Bands

Berlin-Based Experimental Drone Trio Zeug’s Dark and Atmospheric EP “Womb”

All great ends lead to the birth of something new, and so, in the spring of 2020, right in the beginning of pandemic in Europe, Berlin-based drone trio zeug had a drastic lineup change. Despite the shakeup, the band, always up for experimentation, recorded their previous EP, Grounded, in der kleine Wasserspeicher, a vast ancient water tank with 5-6 sec. natural delay.

After the release of Grounded the band withdrew to their creative workspace at Gaswerk, Berlin, and spent Covid lockdown composing the material that would form Womb, the final EP of the trilogy. They took the term literally, descending into a dark, ancient labyrinth with a watery atmosphere to birth their creation.

This acoustic environment would have proven to be an absolute nightmare for any loud band and their producer, but for Zeug it was just another scene, a space, which had sonic rules, power, and its own will.

“This time we decided to go bigger and spent 3 days in dem großen Wasserspeicher, because the new material demanded an appropriate context, and because of the unspoken rule of the band never to go to a well-treated recording studio,” says the band. “Here, in a maze-like brick cave carved into the middle of Berlin, the natural acoustics shaped the EP’s sound (18 to 20 seconds of natural reverb).”

Womb begins with the two-part “Garbino”. Here an unsettling mood is summered by the cavernous percussion, like stumbling through dark corridors into some sort of ritualistic mass. This is led by the atmospheric rhythm section provided by Barbieri and Overchuk. Nash’s guitars groan serpentine invoking a doom-laden haze until the vocals unleash into an angry frenzy. This is continued in part two of the track, which is unrelenting and more chaotic.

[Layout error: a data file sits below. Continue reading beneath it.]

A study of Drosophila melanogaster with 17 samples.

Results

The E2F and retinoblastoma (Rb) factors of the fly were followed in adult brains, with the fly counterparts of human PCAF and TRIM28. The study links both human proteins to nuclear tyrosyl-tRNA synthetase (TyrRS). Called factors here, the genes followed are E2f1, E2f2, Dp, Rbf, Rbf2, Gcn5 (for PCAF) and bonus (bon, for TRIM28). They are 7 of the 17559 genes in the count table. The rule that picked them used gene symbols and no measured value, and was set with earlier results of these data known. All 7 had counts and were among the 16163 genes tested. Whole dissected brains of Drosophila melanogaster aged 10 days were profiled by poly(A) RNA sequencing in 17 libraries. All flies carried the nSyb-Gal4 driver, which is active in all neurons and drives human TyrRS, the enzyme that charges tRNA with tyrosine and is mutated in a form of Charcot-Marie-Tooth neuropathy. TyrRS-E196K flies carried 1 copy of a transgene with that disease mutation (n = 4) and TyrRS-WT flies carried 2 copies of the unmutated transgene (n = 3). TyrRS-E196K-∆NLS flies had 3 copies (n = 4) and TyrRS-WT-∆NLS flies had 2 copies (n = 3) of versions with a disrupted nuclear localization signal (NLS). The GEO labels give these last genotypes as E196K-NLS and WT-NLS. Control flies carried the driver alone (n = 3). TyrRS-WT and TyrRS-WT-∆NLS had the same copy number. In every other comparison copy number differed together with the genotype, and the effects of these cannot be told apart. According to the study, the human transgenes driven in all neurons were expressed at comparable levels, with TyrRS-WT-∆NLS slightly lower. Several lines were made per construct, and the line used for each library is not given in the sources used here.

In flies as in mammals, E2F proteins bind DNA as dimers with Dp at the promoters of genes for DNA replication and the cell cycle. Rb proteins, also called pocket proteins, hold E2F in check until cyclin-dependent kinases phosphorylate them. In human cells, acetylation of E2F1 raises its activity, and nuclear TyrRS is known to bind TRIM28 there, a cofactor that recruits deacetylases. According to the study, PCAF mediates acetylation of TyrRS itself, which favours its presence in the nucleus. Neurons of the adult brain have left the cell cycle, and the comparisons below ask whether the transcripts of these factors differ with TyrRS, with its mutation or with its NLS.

The middle two tracks “Svet”  are named after the Russian word for ‘light’. The first is a slow-burning drone, imbued with ominous vocal incantations. The overall sound is creatively derived from recording the track employing the massive acoustics of a water tower. The end of part one gives way to a soft apocalyptic rhythmic funk overlaid with what sounds like Mongolian throat singing.

The final two-parter is the psychedelic post-industrial jam “HazeOver”, sounding like if JG Thirwell and David Tibet were to retreat to a cave in Scandinavia and conjure up metal-laced poetry over cannabis and mushrooms leading into a dark foray into both heaven and hell while exploring the Aeons of the universe and beyond.

Zeug’s Womb is definitely both a mood and a mind-altering experience not for the faint of heart.

Preview “Garbino” via live session below:

Four days ahead of the official release of “Garbino”, Zeug will be performing live on October 24th with the noise-unit BADA (feat. Anna von Hausswolff).

Follow zeug:

Alice Teeple

Alice Teeple is a photographer, multidisciplinary artist, and writer. She is not in Tin Machine.